Common Consumer Pitfalls on a High Deductible Health Plan

Four HDHP Pitfalls Consumers Commonly Face

Pitfall #1: Not Understanding Your HDHP

You cannot take full advantage of your HDHP unless you understand its benefits and your responsibilities. HDHPs are quickly growing in popularity, but surveys reveal that many consumers do not have a grasp of how HDHPs vary from traditional healthcare coverage.

High Deductible Health Plans (HDHPs) feature monthly premiums which are lower than those of traditional health insurance plans like HMOs or PPOs. In exchange, you pay more out-of-pocket before your insurance company begins to pay. Also, to help you budget and prepare for the medical expenses you will incur throughout the year, the IRS allows you to open and contribute to a Health Savings Account (HSA).

Solution: Talk to your employer or your benefits coordinator for specific information regarding your HDHP. Call Member Services on the back of your insurance card. Explain that you have recently enrolled in an HDHP and you have some questions. For general information about HDHPs versus traditional health insurance, see our Understanding Your Insurance page.

Pitfall #2: Not Opening an HSA

HDHPs are attractive because of their lower premiums, which means you keep more of your paycheck. It is tempting to see this savings as a salary boost instead of an opportunity to invest in a Health Savings Account (HSA). Many people who are on an HDHP are unaware that HSAs are a unique benefit of an HDHP and that they can make monthly contributions to their HSA, tax-free, to fund their medical expenses. The IRS allows you to set aside $3,450 annually (pre-tax) for an individual and $6,900 (pre-tax) for a family to pay for qualified medical expenses, including your deductible. Many consumers are missing out on this benefit because they do not understand what an HSA is, or they think they do not need one. Not opening an HSA can cause other pitfalls that result from being unprepared when medical needs arise.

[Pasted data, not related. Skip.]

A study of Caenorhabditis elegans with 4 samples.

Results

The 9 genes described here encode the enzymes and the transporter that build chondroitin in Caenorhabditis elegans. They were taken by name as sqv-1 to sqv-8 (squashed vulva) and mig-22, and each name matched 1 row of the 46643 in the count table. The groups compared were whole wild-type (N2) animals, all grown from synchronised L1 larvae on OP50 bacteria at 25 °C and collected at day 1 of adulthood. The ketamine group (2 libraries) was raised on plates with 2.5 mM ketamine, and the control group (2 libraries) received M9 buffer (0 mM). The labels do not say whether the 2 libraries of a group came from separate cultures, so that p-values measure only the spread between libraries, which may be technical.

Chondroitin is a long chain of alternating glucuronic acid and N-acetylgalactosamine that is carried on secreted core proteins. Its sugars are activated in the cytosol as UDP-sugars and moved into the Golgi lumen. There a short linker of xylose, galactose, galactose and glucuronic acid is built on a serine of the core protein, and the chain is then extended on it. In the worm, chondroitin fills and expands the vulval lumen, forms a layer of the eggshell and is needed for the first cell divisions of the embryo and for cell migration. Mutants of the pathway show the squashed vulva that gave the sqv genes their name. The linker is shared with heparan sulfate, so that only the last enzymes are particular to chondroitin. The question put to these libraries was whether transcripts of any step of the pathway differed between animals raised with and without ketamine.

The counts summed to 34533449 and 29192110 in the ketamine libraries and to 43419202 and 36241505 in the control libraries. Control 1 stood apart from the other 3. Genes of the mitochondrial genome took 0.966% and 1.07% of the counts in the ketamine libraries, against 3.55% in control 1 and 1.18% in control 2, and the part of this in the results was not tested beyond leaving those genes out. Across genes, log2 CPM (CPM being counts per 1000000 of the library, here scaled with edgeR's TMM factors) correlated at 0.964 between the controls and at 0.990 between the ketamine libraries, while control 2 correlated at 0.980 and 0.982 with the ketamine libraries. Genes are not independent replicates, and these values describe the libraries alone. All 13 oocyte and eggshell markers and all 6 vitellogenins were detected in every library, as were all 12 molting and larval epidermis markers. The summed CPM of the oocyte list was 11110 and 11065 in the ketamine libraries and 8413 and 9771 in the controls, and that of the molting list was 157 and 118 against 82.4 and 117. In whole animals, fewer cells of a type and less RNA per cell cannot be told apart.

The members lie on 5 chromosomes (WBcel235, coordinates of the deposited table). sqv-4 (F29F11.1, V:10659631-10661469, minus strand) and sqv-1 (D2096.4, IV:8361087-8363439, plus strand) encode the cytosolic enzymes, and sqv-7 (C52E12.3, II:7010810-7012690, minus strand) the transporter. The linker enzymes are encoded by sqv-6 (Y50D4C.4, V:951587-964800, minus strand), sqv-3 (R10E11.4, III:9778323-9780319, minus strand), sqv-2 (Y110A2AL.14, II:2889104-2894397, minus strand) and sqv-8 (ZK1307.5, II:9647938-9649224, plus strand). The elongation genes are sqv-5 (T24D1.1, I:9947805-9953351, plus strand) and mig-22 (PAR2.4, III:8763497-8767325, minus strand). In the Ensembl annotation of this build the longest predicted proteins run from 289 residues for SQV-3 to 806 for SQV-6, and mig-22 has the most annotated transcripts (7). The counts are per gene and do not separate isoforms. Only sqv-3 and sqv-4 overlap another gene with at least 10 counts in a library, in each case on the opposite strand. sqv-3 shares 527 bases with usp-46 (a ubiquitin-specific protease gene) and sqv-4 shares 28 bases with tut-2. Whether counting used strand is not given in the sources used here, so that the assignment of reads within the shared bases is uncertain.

Solution: Call your insurance company and ask how you can apply for an HSA. If you meet the appropriate criteria, you can open an HSA and begin making tax-free contributions.

Pitfall #3: Neglecting Preventive Screenings

Many people on HDHPs are unaware that in-network preventive care is free, and they miss out on thousands of dollars of covered medical expenses.  Even though you are on a high deductible plan, you do not have to pay for every doctor visit and procedure. Screenings and preventive services such as colonoscopies, mammograms, immunizations (including the flu shot), blood pressure screenings, depression screenings and contraceptives are covered at 100 percent if you go to an in-network doctor.

Solution: Call Member Services on the back of your insurance card and get an updated list of no-cost preventive screenings and services. Before you make an appointment, verify with your insurance company that the doctor you have chosen is in-network so you do not incur a charge.

Pitfall #4: Delaying treatment to try to save money

Many people on HDHPs admit that they are spending less on healthcare, and sometimes skipping the care they need. If you are on a tight budget, you might try to avoid spending money on medical expenses. This might seem like a logical way to make ends meet, but delaying important doctor visits, treatments and procedures could be detrimental to your physical health as well as your financial security. For example, ignoring chronic back pain could result in an expensive surgery and hospitalization a year from now. Putting off several years of comprehensive eye exams could delay detection of a degenerative eye condition that can permanently affect your vision and quality of life.

Solution: When you need a procedure, plan ahead. Shop around to find lower prices, and use your insurer’s price transparency tool. Create a budget, and save toward your goal. Remember, the money that you deposit into your HSA is tax-free and can be used toward your deductible. If you need an expensive procedure that meets your deductible, you should plan other covered procedures in the same calendar year before your deductible resets.

Don’t Fear Asking Questions About Your HDHP

If you do not understand your HDHP, ask for help. Just as electronics and cars have a user’s manual, your HDHP has specific guidelines and regulations. Talk to your employer or benefits coordinator for literature and resources to help you make informed choices about your healthcare. It takes time and patience to learn how to maximize your benefits on an HDHP, but the cost savings are worth the effort. Open an HSA, take advantage of free screenings and services, and plan for necessary procedures.